Worldcob’s Bizz Awards meet with heavy criticismPOSTED: 09/18/13 1:43 PM
St. Maarten Airport does not fall into trap by Houston-based scammers
St. Maarten – Princess Juliana International airport announced this weekend with some pride that it had been selected for “another international business award as “one of the most prominent businesses in its industry and region.” Now it turns out that the airport may very well have become the victim of an international business scam.
In a reply to questions from this newspaper, the airport’s public relations bureau notes that the airport did not nominate itself for the award. The airport even contacted the award-issuing organization, the World Confederation of Business (Worldcob) for clarification and received an explanation of the process that was followed. “SXM, apparently, will be sent the award if it chooses the free option,” the airport’s PR bureau stated.
Furthermore, the airport will not send any representative to the award ceremony in Dubai on September 29. “The management and board of SXM took that decision after weighing all the info at the company’s disposal,” the PR bureau stated. The airport is also not a member of Worldcob and it has no intention to join this organization.
Worldcob has a website that offers businesses the opportunity to nominate themselves for the Bizz Award – the one that the airport says it has been awarded. The process does not require much: fill in the name of your business, describe why you think you deserve the award and you’re done.
Already four years ago Worldcob came under fire from people in Botswana on the African continent. Consumer Watchdog, a site that publishes alerts about scams in Botswana, reported that “Bizz Awards are awarded to people who are approached entirely at random and who then cough up $3,530 to join.”
The report claims that Worldcob approached three different companies in Botswana and congratulated them with winning an award. “No initial research, no discreet inquiries, just an email from a total stranger that says they’ve won the award.”
The report claims that companies elsewhere in the world – including non-existent ones – received similar emails.
The report on Consumer Watchdog has some credibility, because the writer states that a man called Franck from Worldcob called him to explain that the awards are legit, “apparently we’ve cause him a lot of trouble and he was keen to explain to me how legitimate they are but his arguments weren’t very persuasive. One of his best was that they wouldn’t still be in business if they were crooked, would they? I could not help thinking that it works for the mafia, Nigerian scammers and various foreign governments I won’t name.”
Cut a long story short: Worldcob offered the writer a free trip from Botswana to Texas (where they also hold award ceremonies) and put him up in a hotel there, on the condition he removed all references to the Bizz Awards from the consumer Watchdog web site and that he promised not to publish anything about them in the future. Useless to say, this Botswanian consumer watchdog turned down the offer.
On Ripoff Report another award winner told this story. “I have been marketed by the world confederation of business for a Business Excellence Award. They would like me to come to their awards ceremony to receive it. Only problem, I am not in business anymore.”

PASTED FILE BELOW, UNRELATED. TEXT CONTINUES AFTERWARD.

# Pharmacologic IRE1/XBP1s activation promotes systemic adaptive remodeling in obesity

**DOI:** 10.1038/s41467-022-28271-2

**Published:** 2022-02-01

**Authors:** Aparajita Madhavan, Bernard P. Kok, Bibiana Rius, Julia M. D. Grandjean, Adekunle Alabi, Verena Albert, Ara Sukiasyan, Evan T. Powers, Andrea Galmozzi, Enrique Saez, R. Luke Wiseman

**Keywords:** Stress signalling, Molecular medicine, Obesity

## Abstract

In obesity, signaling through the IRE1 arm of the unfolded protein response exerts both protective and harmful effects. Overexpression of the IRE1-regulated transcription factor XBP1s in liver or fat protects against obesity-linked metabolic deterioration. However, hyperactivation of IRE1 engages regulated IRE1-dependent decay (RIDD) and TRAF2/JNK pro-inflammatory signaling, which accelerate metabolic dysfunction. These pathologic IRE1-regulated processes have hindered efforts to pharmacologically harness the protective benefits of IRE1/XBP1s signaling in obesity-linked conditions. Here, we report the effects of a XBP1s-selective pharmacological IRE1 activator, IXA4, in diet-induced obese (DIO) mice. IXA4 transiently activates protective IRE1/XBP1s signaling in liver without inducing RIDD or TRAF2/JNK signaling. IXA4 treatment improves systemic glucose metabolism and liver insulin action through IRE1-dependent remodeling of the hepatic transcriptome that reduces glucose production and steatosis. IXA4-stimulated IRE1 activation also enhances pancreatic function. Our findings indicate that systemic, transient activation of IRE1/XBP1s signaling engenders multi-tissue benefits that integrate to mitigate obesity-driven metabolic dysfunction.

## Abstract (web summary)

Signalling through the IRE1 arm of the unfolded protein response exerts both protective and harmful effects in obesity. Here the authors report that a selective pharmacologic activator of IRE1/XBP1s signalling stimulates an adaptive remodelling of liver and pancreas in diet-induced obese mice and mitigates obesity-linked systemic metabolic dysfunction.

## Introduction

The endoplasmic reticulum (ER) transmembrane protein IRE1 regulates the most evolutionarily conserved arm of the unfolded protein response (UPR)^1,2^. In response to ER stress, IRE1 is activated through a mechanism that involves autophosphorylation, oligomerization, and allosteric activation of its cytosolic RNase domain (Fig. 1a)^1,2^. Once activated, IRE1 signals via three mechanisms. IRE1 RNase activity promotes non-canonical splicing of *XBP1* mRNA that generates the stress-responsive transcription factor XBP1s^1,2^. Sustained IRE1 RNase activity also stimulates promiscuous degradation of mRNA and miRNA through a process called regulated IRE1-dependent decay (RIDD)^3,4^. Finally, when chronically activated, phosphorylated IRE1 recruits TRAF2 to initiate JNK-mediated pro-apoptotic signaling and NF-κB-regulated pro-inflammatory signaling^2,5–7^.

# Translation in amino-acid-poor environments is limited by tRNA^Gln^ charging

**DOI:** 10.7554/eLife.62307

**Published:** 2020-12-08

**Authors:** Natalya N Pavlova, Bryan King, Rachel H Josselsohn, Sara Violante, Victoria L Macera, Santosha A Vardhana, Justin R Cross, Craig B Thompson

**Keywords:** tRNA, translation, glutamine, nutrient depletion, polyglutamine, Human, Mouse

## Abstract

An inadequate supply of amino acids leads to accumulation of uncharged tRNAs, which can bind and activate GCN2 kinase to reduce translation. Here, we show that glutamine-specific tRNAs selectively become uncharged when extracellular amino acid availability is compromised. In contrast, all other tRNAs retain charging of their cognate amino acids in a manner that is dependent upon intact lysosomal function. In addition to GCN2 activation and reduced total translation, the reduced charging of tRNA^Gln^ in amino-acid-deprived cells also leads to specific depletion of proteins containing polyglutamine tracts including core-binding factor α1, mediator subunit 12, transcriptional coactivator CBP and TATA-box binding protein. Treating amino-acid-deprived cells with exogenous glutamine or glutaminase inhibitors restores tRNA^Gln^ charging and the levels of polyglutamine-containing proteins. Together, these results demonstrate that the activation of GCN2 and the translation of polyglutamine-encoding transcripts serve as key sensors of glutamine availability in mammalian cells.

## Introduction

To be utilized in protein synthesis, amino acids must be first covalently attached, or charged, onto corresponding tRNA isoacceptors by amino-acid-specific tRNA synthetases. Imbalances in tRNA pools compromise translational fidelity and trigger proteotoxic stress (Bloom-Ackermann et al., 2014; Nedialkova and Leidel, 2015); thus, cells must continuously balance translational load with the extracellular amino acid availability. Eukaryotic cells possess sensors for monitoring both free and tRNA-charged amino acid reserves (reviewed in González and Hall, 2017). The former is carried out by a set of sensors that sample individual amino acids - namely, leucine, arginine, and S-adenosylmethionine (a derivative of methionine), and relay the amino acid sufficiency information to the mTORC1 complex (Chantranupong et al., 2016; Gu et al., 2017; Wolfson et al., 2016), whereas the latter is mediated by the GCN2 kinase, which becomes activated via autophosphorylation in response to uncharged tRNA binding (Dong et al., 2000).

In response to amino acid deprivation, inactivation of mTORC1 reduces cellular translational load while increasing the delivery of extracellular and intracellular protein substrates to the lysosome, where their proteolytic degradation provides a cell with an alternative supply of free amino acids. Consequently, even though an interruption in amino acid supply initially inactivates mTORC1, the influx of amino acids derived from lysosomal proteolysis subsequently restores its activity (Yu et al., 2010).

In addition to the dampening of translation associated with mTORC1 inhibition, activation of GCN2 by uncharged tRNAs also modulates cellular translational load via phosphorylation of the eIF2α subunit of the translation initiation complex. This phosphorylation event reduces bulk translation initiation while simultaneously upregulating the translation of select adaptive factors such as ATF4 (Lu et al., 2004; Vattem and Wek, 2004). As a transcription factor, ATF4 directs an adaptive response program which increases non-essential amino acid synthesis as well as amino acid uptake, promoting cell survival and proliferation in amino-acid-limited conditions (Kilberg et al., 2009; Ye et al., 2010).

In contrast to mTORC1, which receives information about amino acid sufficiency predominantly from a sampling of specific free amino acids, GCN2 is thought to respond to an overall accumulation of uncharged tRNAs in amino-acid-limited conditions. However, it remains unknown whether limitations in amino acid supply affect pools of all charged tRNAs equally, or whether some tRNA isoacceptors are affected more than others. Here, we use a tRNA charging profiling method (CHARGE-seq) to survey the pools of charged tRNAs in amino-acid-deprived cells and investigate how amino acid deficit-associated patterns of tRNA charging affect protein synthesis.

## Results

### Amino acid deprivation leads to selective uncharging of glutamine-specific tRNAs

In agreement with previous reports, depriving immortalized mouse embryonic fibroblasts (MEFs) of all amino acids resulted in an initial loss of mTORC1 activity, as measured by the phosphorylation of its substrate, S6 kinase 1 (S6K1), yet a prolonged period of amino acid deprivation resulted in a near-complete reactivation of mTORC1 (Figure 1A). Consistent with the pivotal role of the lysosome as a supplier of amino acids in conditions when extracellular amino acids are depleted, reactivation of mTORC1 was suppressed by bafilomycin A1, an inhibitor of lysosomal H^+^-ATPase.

This award winning non-businessman reported that he would have to pay $3,030 for the award. “Sounds like a scam. After eight emails and three phone calls from someone who can barely speak English, I have decided to do some research.”
This is what the man found: he figured that the company operates out of Peru, not from Houston (even though it has an office there). The email address this writer received email from showed it comes from Telmex in Lima, Peru. Spamhaus.org blocked them “because they are sending out thousands of emails with the same or similar subject titles.”
In the meantime, Richard Harriman went to work on Worldcob in Botswana at Consumer Watchdog. He figured out a way to prove the awards are fake by using an email from a critical reader of his web site. He changed all the details in the email so that it referred to a bogus company he invented. All that existed was a free Gmail address.
“There is no way they could have researched this company, other than to establish that it does not exist,” Harriman reported. Three days after sending his phony email into cyberspace, Harriman received a reply: “It is my pleasure to congratulate you once again. I am sending you this letter to give you more information about our organization and about the way to participate, as a winner, to the Bizz Awards 2009.”
To cut another long story short: Harriman was invited to come to Texas (from Botswana) with a guest, the details of his non-existing company would be entered into Worldcob’s annual memory book and he would be allowed to advertise his products on Worldcob’s web site. Oh, he also had to pay $3,530 to the organization.
Useless to say – Harriman never traveled to Texas, but representatives of Princess Juliana airport Operating Company may very well get on a plane to travel to Dubai to receive their Bizz Award on September 29.
The ceremony takes place in the beyond-upscale Atlantis The Palm Hotel and Resort, where rooms are prices around $450 a night. The cheapest round trip ticket to Dubai we found was around $1,930 and the most expensive one around $4,345. Of course, these prices are economy class and one would not expect airport executives to fly with the common folks. So here are the prices for business class: from $9,563 to $13,057. For first class travelers have to fork over between $11,255 and $14,832. Compared to that, paying some $3,500 for an award becomes close to irrelevant, even though the award itself has no value whatsoever. The good news (for St. Maarten) is of course that nobody will be flying to Dubai.